The Sea Around Us principal investigator, Dr. Daniel Pauly, and associated faculty, Dr. Rashid Sumaila, both based at the University of British Columbia’s Institute for the Oceans and Fisheries, feature in a new film aimed at supporting a critical World Trade Organization (WTO) agreement on fishing subsidies, as the international community races to lock the deal in place before it expires in 2024.
The film, titled Change Makers: The Global Race to Save our Seas, exposes the global problem of fishing subsidies and their damaging effect on the global ocean and coastal communities. It is directed by Simone Kiesiel and produced by Jayde Lovell, CEO of ReAgency Lab, who was also in charge of managing the media outputs connected to the Tyler Prize for Environmental Achievement, of which Drs. Pauly and Sumaila were the 2023 recipients.
Change Makers also features Sea Around Us Advisory Board Members and renowned scientists Drs. Jennifer Jacquet and Callum Roberts, as well as environmental politics scholar Justin Alger and Hollywood icons and environmentalists Billy Joel and Ted Danson. Danson is also a member of the Oceana Board of Directors together with Drs. Pauly and Sumaila.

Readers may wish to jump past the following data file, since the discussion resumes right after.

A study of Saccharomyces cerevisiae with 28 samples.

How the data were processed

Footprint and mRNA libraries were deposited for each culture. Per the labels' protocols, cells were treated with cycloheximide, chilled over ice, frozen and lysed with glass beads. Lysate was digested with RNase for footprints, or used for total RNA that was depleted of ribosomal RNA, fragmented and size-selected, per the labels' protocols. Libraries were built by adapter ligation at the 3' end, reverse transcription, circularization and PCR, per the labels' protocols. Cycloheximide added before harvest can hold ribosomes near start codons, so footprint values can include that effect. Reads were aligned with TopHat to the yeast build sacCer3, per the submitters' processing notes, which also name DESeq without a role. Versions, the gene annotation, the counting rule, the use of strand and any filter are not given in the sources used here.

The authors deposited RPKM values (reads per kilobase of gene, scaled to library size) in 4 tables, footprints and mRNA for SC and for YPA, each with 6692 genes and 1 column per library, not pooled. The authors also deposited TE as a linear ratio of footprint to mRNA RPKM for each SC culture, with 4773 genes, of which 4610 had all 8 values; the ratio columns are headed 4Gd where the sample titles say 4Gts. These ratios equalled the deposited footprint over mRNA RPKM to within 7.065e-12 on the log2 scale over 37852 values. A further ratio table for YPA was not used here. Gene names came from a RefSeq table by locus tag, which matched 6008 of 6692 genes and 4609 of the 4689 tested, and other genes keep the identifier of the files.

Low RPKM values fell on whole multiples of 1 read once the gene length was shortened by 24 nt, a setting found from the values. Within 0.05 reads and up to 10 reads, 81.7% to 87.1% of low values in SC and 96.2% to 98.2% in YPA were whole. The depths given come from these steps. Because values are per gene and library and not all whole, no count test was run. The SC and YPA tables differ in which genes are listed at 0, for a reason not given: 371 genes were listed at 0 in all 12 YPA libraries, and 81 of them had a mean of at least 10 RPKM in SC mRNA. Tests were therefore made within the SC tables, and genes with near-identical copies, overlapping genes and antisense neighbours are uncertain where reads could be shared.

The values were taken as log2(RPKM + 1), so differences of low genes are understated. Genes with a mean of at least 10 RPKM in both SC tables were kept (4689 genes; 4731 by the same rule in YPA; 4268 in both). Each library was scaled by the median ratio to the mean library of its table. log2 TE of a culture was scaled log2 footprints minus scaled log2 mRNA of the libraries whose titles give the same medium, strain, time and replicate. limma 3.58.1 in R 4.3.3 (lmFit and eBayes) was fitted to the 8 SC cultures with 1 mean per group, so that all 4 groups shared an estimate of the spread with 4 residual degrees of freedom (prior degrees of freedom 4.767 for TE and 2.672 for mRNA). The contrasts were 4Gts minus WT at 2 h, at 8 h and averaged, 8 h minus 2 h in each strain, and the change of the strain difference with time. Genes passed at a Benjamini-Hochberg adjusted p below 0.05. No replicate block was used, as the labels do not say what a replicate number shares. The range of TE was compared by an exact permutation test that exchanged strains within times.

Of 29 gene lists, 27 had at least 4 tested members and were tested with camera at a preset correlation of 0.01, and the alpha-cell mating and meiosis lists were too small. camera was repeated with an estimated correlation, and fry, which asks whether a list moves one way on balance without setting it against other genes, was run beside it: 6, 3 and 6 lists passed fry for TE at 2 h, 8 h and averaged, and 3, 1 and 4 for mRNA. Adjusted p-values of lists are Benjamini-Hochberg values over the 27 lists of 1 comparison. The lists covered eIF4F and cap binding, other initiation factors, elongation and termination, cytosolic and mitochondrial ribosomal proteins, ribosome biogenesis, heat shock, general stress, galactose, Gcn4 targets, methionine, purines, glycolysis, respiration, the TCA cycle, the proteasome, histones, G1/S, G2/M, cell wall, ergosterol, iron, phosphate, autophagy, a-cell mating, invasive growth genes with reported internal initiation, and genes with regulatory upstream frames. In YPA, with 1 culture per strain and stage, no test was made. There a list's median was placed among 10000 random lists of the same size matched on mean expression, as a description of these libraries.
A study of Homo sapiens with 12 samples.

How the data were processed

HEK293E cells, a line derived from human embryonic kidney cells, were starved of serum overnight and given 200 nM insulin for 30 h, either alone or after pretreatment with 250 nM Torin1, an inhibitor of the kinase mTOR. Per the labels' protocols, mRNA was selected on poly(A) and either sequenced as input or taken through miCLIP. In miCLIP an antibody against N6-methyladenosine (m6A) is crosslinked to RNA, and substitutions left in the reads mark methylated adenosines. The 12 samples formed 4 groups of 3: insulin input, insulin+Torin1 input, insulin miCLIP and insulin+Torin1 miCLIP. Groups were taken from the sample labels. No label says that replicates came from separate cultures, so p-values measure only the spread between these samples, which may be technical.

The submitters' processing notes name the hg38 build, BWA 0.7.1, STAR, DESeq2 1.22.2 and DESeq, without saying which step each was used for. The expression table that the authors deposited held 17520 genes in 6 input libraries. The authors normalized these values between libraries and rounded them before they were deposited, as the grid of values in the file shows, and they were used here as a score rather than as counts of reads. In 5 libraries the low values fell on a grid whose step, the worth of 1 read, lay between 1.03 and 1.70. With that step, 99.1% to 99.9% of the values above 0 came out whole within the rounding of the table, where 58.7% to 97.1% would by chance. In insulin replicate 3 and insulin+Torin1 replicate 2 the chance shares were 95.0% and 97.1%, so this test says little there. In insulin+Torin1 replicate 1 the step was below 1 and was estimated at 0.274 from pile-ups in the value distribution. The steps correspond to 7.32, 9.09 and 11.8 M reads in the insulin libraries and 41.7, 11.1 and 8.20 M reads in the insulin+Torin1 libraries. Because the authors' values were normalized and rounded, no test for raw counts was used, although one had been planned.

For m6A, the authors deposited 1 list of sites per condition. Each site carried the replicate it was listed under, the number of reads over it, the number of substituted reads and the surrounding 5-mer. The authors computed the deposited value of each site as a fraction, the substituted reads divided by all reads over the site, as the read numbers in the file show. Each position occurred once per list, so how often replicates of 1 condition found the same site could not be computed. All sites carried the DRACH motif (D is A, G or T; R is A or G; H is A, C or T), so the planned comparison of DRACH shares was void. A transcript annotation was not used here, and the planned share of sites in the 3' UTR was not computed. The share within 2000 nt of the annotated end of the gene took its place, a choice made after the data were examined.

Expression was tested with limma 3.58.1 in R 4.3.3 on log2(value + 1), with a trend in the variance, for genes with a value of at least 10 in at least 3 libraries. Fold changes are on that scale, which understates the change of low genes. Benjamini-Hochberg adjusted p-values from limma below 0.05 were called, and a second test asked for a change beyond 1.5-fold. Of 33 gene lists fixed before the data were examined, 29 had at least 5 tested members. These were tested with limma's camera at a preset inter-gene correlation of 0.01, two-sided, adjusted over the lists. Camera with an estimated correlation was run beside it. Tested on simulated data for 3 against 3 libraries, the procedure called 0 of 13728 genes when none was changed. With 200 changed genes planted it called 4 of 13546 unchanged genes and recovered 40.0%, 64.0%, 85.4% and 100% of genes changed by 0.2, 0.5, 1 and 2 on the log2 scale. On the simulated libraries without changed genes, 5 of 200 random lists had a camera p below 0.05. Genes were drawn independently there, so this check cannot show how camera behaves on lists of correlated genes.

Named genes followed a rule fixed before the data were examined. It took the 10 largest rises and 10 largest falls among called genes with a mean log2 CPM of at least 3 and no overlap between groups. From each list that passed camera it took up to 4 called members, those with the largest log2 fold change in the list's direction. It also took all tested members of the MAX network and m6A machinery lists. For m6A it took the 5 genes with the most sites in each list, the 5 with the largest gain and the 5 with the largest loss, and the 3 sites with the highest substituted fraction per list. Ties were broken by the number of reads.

[Click on the image to watch the trailer]
ABOUT THE ISSUE
Globally, government subsidies to the fishing sector total over $35 billion, incentivizing industrial fishing even when it is no longer profitable, and causing a drastic decline in global fish stocks. Despite two decades of activism and negotiations, an international agreement to address the problem seemed impossible.
But on June 15, 2022, the WTO unexpectedly achieved a global consensus to ban some of the most harmful fishing subsidies. This legally enforceable agreement would allow fish stocks to recover, and protect the food security and livelihoods of millions of people.
The WTO Agreement on Fisheries Subsidies is a historical achievement:
- The first WTO agreement to focus on the environment.
- The first Sustainable Development Goals (SDG) target is to be fully met (Target 14.6).
- Only the second agreement reached at the WTO since its inception.
The agreement, however, requires ratification by two-thirds of the 164 WTO member countries by February 26, 2024, to come into effect and, so far, this has not happened. According to the WTO, only 17 countries have submitted their instruments of acceptance to ratify the agreement.
“With fewer than 20 weeks to go until the WTO Ministerial Conference in Abu Dhabi, the eyes of the world will be on those countries who’ve not yet submitted their acceptance,” film director Simone Kiesiel said. “It’s inspiring to know that celebrities like Ted Danson and Billy Joel are behind us as we fight to make a real difference for our oceans and the people who depend on them to live.”